THE evolution that has taken place in the Western world over the years in the Waste to Energy industry provides a great opportunity as we saw in telecoms for Africa to leapfrog the infrastructure, research and development cost. This is a great opportunity for all African countries indeed any country that is producing waste.
This was the view expressed by Stephan Groves, Director of Rethink Events, the organisers of World Waste Energy and Resources Summit, which held May 21 to 22 in London, United Kingdom.
He said, “Historically, a huge amount of the Waste to Energy industry has been about burning the waste, but the sector has advanced a lot over the last decade. Now there are interesting thing to do with the waste like converting to jet fuel.”
According to him, “Regulatory environment and dependence on subsidies are possible factors that have hindered African investment in the waste to energy sector till date. Cost of the projects is coming down and when the industry reaches a level when subsidies are no longer needed the market will become more attractive.”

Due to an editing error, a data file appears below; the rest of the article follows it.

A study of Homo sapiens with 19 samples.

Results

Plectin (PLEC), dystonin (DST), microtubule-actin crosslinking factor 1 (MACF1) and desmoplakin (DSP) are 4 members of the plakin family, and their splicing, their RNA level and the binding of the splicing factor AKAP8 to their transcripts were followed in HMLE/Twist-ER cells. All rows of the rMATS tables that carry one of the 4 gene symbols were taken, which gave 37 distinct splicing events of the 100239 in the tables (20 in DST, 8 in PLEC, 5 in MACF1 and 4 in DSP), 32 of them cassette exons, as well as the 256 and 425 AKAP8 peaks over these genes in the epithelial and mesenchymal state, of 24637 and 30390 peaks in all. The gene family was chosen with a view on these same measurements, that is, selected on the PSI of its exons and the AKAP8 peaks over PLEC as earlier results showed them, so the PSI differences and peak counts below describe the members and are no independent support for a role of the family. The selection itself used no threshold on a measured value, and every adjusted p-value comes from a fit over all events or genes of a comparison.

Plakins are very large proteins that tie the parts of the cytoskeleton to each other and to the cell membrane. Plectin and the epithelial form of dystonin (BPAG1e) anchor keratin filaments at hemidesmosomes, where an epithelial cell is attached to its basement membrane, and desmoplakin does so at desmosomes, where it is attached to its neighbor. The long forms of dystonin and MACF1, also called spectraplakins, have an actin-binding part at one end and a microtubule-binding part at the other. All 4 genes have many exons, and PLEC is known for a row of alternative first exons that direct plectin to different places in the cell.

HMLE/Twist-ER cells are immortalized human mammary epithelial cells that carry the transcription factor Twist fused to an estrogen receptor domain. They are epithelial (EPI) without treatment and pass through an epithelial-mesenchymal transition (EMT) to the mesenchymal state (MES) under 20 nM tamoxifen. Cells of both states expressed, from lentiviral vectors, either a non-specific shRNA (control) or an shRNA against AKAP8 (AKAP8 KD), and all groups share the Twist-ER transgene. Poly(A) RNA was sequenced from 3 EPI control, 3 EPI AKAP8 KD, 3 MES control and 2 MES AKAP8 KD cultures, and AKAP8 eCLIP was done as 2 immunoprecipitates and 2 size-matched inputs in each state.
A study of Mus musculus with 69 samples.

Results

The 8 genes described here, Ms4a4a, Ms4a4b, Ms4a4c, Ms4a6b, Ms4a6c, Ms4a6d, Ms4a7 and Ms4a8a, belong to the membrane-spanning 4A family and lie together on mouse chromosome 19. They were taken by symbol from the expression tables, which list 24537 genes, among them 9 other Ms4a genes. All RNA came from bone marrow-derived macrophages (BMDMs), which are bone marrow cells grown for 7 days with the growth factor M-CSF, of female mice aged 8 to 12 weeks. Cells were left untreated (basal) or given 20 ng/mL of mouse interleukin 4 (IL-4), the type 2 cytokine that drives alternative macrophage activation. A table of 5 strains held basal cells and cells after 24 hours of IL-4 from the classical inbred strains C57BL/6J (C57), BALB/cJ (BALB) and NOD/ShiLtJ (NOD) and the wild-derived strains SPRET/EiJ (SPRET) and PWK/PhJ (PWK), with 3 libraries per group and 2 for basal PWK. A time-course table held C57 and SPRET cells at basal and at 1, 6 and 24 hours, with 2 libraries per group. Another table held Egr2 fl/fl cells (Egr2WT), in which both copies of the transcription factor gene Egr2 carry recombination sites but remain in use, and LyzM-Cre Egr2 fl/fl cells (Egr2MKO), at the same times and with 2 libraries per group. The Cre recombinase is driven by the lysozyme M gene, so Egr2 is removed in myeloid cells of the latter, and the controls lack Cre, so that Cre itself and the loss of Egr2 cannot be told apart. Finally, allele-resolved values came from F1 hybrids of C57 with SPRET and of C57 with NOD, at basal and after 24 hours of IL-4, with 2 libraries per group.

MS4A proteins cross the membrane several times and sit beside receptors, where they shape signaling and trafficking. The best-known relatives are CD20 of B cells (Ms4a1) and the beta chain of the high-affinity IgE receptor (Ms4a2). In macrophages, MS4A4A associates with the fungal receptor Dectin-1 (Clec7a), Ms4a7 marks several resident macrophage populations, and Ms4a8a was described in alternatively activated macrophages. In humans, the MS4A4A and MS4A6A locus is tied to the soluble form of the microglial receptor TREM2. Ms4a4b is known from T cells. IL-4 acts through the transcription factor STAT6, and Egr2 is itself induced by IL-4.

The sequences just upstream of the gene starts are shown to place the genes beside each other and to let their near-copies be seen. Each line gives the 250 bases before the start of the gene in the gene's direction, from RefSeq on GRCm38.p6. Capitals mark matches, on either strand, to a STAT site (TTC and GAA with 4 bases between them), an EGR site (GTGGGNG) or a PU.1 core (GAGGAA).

He noted that some advanced technologies being employed in the industry for projects are still at an early stage, thereby hindering readiness to be deployed. They are still expensive and maybe there is technology risk, so they may be not quite ready. But these also depend on regulatory environments in Latin America, Asia and Africa.
Asked when the industry would gain traction in developing countries especially Africa, he said despite the industry’s challenges over the last decade, in this year’s summit the industry has seen some upsides. He was of the opinion that it would happen soon. “We have seen some big hockey-curve growth over the last two years, and real change of mood and a lot larger international representation; we saw 16 countries represented last year, we have got 30 countries represented this year.”
A first-of-its-kind waste to energy plant exists in Addis Ababa, Ethiopia.